Jeep maker Fiat Chrysler has recalled 1.4 million cars to patch a critical software flaw that allowed hackers to hijack the car's critical functions.
Security researchers Charlie Miller and Chris Valasek used a zero-day exploit in the Jeep Cherokee's entertainment system to remotely commandeer the car while it was being driven by a Wired reporter on a St Louis highway.
The carmarker initially released a "software security update" on July 16 that it implored customers to either manually install or to have their dealer install "at no cost".
But it has now taken the unprecedented step of issuing a voluntary safety recall for all affected vehicles to ensure they are patched sooner rather than later.
Remote control flaw
The vulnerability sits in the Jeep's connected car system, Uconnect.
Although the current Jeep Cherokee range sold in Australia comes with Uconnect, unlike US models of the car it does not connect the car to the internet, and therefore, isn't vulnerable to the hack, a spokesperson told CarAdvice.
In the US, Uconnect enables a number of "remote control" benefits for car owners, from remotely starting the engine and cooling the car down before you get in, to sounding the horn or flashing its lights to locate it in a busy car park. It also has functionality that can turn the car into a wi-fi hotspot.
To demonstrate software they created to exploit the flaw, Miller and Valasek had Wired writer Andy Greenberg drive a Jeep while they remotely commanded the car to do certain things.
Some of those things were fairly innocuous - blasting the air-conditioner or the stereo and cleaning the windscreen. However, other successful commands - killing transmission and the brakes - will have carmakers worried, particularly as more cars become smarter and internet-connected.
The researchers plan to withhold details of the vulnerability they exploited until Black Hat 2015 in December. "From an attacker's perspective, it's a super nice vulnerability," Miller told Wired.
They plan to leave some important bits from their presentation.
First, although the initial point of entry is via Uconnect, the attacker is limited at that point to playing with the dashboard functions and GPS.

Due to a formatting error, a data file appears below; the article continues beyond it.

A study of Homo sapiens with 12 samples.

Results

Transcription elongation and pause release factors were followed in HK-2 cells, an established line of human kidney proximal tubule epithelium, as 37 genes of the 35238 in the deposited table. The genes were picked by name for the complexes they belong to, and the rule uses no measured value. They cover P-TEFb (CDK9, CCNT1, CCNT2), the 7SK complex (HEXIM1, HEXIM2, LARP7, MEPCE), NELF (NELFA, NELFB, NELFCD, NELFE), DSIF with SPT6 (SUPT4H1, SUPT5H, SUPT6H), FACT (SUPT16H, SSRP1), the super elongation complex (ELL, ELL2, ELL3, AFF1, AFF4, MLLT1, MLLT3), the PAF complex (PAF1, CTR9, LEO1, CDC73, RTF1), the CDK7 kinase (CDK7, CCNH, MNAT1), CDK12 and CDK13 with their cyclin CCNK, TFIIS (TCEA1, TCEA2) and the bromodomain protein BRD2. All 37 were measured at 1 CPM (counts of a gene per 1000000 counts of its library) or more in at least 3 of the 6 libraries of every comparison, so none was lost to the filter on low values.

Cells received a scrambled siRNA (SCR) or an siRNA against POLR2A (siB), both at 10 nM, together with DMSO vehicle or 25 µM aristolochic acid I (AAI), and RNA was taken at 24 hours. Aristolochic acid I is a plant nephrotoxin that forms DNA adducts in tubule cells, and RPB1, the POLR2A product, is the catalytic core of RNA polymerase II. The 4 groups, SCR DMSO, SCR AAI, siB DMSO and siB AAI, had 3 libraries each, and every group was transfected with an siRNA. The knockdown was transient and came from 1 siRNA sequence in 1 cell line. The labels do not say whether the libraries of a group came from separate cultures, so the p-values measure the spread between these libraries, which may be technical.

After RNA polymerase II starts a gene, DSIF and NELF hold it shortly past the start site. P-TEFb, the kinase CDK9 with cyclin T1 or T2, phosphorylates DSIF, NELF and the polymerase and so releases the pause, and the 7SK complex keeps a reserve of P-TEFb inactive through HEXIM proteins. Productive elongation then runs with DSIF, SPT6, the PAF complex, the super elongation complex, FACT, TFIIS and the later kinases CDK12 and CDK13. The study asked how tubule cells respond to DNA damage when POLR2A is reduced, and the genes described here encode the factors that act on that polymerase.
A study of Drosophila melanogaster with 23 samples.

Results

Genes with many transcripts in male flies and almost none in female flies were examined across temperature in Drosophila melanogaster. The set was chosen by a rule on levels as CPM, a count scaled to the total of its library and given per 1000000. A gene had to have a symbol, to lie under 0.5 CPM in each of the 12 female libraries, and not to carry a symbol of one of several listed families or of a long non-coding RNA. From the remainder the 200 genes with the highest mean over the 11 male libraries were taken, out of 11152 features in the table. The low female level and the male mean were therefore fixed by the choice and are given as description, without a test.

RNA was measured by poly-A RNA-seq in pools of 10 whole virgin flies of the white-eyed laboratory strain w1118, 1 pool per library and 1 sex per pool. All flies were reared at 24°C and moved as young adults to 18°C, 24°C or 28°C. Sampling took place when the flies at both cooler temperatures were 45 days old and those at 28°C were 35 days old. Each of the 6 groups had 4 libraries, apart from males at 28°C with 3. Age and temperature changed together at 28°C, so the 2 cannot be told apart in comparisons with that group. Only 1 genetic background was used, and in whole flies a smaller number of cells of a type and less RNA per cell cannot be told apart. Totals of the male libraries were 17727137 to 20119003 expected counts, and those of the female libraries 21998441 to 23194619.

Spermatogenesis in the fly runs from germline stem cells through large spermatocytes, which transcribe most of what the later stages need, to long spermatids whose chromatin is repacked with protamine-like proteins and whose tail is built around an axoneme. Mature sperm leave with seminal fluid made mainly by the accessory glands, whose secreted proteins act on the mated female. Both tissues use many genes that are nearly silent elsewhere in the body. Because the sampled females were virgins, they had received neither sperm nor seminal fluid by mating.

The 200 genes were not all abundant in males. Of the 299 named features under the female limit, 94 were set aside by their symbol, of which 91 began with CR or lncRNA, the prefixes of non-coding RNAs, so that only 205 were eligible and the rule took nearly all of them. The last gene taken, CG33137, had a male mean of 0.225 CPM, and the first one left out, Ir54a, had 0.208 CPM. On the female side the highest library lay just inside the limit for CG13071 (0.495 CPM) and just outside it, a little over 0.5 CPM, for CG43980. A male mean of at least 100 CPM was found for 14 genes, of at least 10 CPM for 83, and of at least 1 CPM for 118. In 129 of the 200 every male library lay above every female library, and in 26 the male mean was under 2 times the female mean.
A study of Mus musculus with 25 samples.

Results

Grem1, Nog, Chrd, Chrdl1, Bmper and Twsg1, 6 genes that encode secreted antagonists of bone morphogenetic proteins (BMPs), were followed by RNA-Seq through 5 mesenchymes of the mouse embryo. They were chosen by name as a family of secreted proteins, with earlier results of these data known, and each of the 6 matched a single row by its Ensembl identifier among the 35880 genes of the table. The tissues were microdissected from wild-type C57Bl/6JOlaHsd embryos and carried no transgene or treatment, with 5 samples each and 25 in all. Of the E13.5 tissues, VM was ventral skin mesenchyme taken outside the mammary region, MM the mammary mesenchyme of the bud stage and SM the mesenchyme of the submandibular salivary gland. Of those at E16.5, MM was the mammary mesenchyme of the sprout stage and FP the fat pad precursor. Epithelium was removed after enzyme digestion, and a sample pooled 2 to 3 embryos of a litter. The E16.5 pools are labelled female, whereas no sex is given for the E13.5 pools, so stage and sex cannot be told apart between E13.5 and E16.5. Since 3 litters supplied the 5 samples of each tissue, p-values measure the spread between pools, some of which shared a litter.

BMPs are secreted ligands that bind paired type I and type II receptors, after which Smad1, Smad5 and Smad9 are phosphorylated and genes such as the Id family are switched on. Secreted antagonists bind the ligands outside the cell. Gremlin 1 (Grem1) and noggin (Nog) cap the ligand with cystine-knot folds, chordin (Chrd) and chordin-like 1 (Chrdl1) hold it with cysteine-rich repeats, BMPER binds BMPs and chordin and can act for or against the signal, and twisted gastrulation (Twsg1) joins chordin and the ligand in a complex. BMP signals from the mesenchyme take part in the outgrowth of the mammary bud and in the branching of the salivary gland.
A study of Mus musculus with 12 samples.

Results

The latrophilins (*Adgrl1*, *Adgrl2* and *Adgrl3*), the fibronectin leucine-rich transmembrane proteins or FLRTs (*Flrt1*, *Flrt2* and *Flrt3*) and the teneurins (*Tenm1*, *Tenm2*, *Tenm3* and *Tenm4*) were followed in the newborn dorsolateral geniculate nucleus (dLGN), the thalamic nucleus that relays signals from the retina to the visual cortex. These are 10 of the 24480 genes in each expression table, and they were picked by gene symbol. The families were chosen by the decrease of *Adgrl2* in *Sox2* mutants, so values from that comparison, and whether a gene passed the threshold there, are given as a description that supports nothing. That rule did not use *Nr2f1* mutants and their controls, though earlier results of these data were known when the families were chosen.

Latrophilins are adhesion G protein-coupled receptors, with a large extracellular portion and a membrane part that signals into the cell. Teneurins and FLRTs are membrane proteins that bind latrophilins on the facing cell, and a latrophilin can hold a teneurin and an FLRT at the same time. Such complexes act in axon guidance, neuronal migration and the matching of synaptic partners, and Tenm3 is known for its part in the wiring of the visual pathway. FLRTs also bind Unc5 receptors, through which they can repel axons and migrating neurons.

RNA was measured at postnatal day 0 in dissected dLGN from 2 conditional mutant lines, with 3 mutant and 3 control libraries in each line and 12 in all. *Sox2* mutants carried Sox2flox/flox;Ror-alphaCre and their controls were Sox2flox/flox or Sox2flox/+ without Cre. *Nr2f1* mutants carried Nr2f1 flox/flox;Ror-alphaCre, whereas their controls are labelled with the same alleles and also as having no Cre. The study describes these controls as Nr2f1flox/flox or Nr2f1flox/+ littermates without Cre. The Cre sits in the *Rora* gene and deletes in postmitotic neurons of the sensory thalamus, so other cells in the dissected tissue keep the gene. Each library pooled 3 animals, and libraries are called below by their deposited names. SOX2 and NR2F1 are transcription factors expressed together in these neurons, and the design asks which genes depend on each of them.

The more serious remote takeover functions were performed by accessing a chip in the head unit (the screen) and overwriting its firmware. Wired reported this process will be kept secret.
The researchers have also shared the findings with Fiat Chrysler over the past nine months, leading to the release of the "software security update" by the carmaker.
It is not the first time Miller and Valasek have hacked connected-car systems to take over critical functions.
At the Def Con conference in 2013, they showed how a Ford Escape and Toyota Prius were also vulnerable - but that demonstration relied on the hackers being in the car and patched directly into the car's systems.
A year later, they released detailed technical notes on how this was at all possible, and then showed off "intrusion prevention" technology they believed would make connected cars safe.
Of course, Miller and Valasek aren't alone in focusing their efforts on the security of connected car systems.
Studies at the University of Washington and UC San Diego in 2010 and 2011 showed how attackers could gain access to a car's systems remotely, and what they could do with that level of access.
A US Senate report released in February this year found only two of 16 "major auto makers" could diagnose or respond to an intrusion of their cars' systems in real time.
A recent vulnerability in BMW vehicles equipped with the company's ConnectedDrive software allowed hackers to unlock the doors of vehicles. Affected cars were patched over-the-air.
However, not everyone is buying the hype around connected car security risks.
John Ellis, founder of consultancy Ellis & Associates and former Ford technologist, told PCmag that "most" car makers shielded GPS systems from those that controlled steering and braking.
He believed connected car hacking was "nowhere near this cataclysmic event that people keep hearing about".